It was proposed by Robert Kegan that the human development process has five levels or orders. Moving from one to the next is achieved through transformation.
Kegan also pointed out that majority of adults are at just at the third order. The person, therefore, who achieves the top or the fifth level is one who sees beyond himself, who lives with ideals, recognizes and takes on multiple roles, and recognizes systematical thinking.
We were asked the following questions –
What are your own considerations, challenges, and concerns with respect to Kegan’s Orders of Consciousness?
How do you support your own transitions between these “orders”?
To answer the first question, I agree with Kegan with regard to the levels of consciousness that he proposed.
First, it is true that wisdom only comes at a certain age and in his theory, no one is considered wise till he/she reaches the age of 40 onward. Even then, not all adults mature in the manner that Kegan considers ideal.
There is also his claim that “psychological autonomy may not be the fullest picture of maturity”. I also happen to agree with this as only through social relationships, even intimacy with others, can we see beyond ourselves and become mature enough to realize who we are.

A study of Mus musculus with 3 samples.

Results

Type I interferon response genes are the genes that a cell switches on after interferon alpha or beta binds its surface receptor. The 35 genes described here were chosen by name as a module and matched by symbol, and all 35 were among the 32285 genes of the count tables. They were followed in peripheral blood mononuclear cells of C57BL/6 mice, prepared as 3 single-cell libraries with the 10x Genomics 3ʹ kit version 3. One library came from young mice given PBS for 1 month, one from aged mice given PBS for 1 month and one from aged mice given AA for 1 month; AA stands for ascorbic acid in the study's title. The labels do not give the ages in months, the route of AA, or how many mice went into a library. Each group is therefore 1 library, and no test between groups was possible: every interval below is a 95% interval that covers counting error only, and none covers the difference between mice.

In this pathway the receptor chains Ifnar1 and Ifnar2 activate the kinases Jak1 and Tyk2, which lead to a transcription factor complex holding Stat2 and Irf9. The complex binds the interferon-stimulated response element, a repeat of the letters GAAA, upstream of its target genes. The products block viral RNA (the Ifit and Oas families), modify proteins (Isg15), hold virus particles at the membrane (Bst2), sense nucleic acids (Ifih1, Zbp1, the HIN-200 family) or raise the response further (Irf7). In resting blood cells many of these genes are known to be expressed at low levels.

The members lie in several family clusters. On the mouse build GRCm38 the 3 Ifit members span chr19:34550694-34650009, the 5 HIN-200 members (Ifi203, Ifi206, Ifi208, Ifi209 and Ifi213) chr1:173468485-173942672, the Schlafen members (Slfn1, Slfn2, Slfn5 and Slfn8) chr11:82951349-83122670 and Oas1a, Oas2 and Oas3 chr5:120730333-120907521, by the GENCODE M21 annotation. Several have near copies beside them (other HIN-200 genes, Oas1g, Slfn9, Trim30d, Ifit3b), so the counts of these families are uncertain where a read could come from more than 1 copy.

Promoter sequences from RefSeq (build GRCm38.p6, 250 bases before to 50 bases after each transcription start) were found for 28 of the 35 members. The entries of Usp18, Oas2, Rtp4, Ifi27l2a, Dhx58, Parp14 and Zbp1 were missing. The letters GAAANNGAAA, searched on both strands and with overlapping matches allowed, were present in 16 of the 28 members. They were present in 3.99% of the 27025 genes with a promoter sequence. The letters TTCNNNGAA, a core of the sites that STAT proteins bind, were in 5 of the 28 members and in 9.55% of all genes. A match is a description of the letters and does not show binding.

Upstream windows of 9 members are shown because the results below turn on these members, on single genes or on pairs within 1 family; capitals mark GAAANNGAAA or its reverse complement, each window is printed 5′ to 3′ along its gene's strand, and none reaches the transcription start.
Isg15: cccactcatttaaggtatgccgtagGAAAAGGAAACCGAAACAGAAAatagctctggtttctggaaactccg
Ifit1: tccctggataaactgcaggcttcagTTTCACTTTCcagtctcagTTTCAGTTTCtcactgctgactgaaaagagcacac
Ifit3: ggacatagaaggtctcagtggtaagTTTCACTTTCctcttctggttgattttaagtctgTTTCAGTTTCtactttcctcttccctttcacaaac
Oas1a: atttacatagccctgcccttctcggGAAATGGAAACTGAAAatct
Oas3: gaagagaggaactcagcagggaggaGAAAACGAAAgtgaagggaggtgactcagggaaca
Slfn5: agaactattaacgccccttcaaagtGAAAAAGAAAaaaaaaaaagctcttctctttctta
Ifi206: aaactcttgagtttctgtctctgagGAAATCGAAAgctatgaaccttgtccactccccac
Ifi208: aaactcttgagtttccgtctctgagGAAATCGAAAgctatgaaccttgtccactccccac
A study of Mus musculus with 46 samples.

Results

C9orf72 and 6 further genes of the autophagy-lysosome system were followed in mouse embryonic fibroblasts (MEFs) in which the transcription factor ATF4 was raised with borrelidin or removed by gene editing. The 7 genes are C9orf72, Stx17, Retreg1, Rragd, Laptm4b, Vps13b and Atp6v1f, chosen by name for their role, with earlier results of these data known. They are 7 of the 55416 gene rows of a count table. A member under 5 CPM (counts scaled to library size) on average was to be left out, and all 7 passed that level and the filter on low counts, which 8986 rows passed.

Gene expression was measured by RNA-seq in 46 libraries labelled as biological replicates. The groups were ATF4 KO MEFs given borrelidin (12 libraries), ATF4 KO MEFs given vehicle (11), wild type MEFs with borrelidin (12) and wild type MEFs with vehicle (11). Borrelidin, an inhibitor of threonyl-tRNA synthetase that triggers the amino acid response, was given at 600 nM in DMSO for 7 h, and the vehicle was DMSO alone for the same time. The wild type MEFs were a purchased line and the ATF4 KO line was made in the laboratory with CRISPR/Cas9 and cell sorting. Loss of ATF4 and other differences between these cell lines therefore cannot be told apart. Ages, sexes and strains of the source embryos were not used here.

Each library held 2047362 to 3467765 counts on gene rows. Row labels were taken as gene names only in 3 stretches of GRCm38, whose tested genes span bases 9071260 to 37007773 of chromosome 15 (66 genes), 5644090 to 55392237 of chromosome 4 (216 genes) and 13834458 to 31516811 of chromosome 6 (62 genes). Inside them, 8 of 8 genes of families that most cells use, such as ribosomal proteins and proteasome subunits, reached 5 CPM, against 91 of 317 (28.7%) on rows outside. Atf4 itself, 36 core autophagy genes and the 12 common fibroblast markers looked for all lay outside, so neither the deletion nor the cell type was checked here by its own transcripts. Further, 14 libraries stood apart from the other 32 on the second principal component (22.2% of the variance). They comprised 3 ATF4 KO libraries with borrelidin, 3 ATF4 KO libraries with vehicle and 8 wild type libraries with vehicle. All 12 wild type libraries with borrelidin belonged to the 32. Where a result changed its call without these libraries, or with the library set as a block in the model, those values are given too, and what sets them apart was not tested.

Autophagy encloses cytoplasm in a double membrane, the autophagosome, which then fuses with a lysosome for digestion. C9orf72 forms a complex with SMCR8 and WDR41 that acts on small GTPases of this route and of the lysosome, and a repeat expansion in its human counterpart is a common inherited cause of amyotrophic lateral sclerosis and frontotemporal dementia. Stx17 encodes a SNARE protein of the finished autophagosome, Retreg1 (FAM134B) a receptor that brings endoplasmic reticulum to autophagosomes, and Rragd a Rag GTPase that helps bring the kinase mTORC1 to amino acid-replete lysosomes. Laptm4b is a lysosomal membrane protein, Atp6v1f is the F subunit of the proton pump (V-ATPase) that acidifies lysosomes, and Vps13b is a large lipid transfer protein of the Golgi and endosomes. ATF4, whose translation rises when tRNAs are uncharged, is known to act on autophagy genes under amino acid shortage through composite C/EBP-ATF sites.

To most, this is a lifelong process of development, some do not even realize or achieve it till they die.
Kegan largely based his work on Piaget, Kohlberg, Maslow, Loevinger and Erikson’s frameworks but took a step further by developing the evolution of meaning.
Now how do I support my own transition to the fifth level of consciousness?
To begin with, I have long practiced self critiquing. I may still have a few impulses and emotions that need to be controlled but I believe I am in the process of self-formation. I contradict when necessary, I can deal with oxymoron, I can also live with opposition.
I am also at a stage when I want others to enjoy the same blessings that I enjoy. Being a practicing LDS (yes, we are also Christians), we are taught to love others as we love ourselves. A step up and Christianity also asks for us to love our enemies – I have done and am still doing both.
To cap my realization, I also happen to agree with Kegan that mere knowledge does not comprise decision making. In fact, knowledge is not totally necessary for wisdom. What matters is having a well-rounded personality that functions within one’s culture. Whether you achieve the fifth level through experiences or through human and cultural associations, what matters is that our world today requires wisdom and we should step up to have it realized.